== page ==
Shimano Saint Groupset

The not-so-minor details


Shimano Saint Groupset


Shimano Australia

Crank length


Rotor sizes

203mm front and rear


20mm front, 150x12mm rear


Staggering braking performance. Quiet and stable drivetrain. Strong as 50 oxen on steroids.


Free stroke adjuster does very little. Derailleur banged into the chain stay on our frame (note - this is only occurs on a handful of bikes and is easily remedied).


Flow travelled to Whistler earlier in 2012 to attend the Saint launch. There, on the fast and furious trails of that heavenly playground, we fell in love with Saint. You can read more about the launch and the refinements to the groupset in our features section.

Back home in Oz, the infatuation has continued.

The new M820 Saint groupset is lighter (both physically and in terms of the way it feels in operation), quieter and more stable through the drivetrain, with braking performance that is truly confidence inspiring.

Braking performance has always been a star element of Saint’s performance. It’s now even better, thanks to improved heat dissipation and a more refined lever feel. Even in the sloppiest conditions, the power remained consistent and the operation quiet.
The introduction of Shimano’s Shadow Plus clutch system to Saint drastically reduces drivetrain noise by controlling chain slap. The M820 groupset is 10-speed; we noticed no problems with the close ratios and narrow cog spacing in the mud.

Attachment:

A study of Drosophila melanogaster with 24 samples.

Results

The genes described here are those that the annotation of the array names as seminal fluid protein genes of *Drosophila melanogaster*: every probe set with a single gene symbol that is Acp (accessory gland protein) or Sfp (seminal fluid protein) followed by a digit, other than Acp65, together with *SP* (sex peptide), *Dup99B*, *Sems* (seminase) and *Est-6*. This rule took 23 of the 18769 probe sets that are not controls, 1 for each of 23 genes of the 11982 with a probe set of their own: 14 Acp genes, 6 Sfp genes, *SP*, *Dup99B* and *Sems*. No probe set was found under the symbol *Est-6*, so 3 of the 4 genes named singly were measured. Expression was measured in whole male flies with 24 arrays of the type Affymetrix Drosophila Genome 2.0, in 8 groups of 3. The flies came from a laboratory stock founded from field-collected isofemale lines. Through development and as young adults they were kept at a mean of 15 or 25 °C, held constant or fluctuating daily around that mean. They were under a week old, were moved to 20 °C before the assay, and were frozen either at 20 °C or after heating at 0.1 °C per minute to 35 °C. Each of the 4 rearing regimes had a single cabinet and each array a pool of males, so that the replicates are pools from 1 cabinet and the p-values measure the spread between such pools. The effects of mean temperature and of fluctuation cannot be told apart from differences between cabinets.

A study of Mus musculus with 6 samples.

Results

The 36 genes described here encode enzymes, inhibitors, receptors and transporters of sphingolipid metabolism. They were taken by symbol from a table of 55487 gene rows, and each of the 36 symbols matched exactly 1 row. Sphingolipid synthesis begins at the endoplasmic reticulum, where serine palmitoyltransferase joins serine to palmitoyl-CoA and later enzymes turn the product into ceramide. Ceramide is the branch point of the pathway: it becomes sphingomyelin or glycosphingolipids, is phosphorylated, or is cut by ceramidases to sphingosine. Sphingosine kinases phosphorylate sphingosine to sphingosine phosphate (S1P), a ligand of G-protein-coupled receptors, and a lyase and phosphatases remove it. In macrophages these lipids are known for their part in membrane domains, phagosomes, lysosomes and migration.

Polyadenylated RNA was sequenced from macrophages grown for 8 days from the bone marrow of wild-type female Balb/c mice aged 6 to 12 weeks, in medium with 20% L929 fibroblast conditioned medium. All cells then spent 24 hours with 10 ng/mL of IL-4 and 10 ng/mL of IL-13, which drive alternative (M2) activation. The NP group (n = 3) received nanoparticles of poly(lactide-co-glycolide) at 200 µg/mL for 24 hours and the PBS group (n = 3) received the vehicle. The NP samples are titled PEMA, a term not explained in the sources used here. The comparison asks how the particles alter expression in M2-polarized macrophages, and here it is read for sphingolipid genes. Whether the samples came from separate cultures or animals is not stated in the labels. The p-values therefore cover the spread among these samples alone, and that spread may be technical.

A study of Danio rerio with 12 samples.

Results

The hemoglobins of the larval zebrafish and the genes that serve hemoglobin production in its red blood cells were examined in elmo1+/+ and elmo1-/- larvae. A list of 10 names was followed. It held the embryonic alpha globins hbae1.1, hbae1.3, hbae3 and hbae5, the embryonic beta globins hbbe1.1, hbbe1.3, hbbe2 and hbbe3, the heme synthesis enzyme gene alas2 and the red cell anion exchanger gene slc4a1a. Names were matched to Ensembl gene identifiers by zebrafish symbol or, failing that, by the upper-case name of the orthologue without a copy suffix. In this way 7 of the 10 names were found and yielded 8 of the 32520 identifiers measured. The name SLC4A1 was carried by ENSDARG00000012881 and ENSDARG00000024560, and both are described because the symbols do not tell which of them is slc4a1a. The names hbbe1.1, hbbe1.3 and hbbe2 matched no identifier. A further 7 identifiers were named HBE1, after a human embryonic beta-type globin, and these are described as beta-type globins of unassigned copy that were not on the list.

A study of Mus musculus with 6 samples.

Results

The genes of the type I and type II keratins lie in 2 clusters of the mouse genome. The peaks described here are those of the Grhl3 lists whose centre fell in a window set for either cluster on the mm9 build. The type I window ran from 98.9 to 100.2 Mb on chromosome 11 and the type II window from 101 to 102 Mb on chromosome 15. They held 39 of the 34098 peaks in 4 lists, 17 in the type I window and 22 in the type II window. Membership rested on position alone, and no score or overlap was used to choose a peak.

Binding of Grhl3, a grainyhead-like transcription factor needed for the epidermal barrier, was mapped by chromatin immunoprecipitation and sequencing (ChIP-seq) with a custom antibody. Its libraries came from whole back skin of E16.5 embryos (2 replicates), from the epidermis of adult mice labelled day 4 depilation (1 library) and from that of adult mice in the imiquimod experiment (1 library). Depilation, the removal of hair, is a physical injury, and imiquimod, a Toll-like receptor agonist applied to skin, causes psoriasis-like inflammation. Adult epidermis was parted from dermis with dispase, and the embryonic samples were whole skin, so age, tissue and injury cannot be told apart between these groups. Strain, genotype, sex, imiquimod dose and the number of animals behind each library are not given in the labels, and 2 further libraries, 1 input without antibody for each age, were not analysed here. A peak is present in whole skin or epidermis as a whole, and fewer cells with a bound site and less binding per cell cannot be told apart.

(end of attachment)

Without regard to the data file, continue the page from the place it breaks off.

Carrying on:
Some weight has been shaved from the robust crankset, but without any decrease in strength. Shimano maintain that the M820 cranks are 250% stronger than XTR Trail cranks! A Saint chain guide is on the way too, to complete the package.
Longer shifter paddles and an improved cable pull ratio give the M820 groupset a lighter shifting action than the previous Saint grouppo. The shifter is dual release too, so you can move through the gears quickly.
The strength of the Saint cranks and the overall reassuring feeling the groupset provides really gives you the confidence to go big. Like this.
We bolted our Saint groupset to Norco’s Aurum DH bike. Hey, if you’re testing a gravity groupset, you want a dedicated downhill bike. The only hiccup with the build was that the Saint derailleur could knock on the chain stay, meaning we had to fit the wide-ratio adaptor to create more clearance between the derailleur and frame.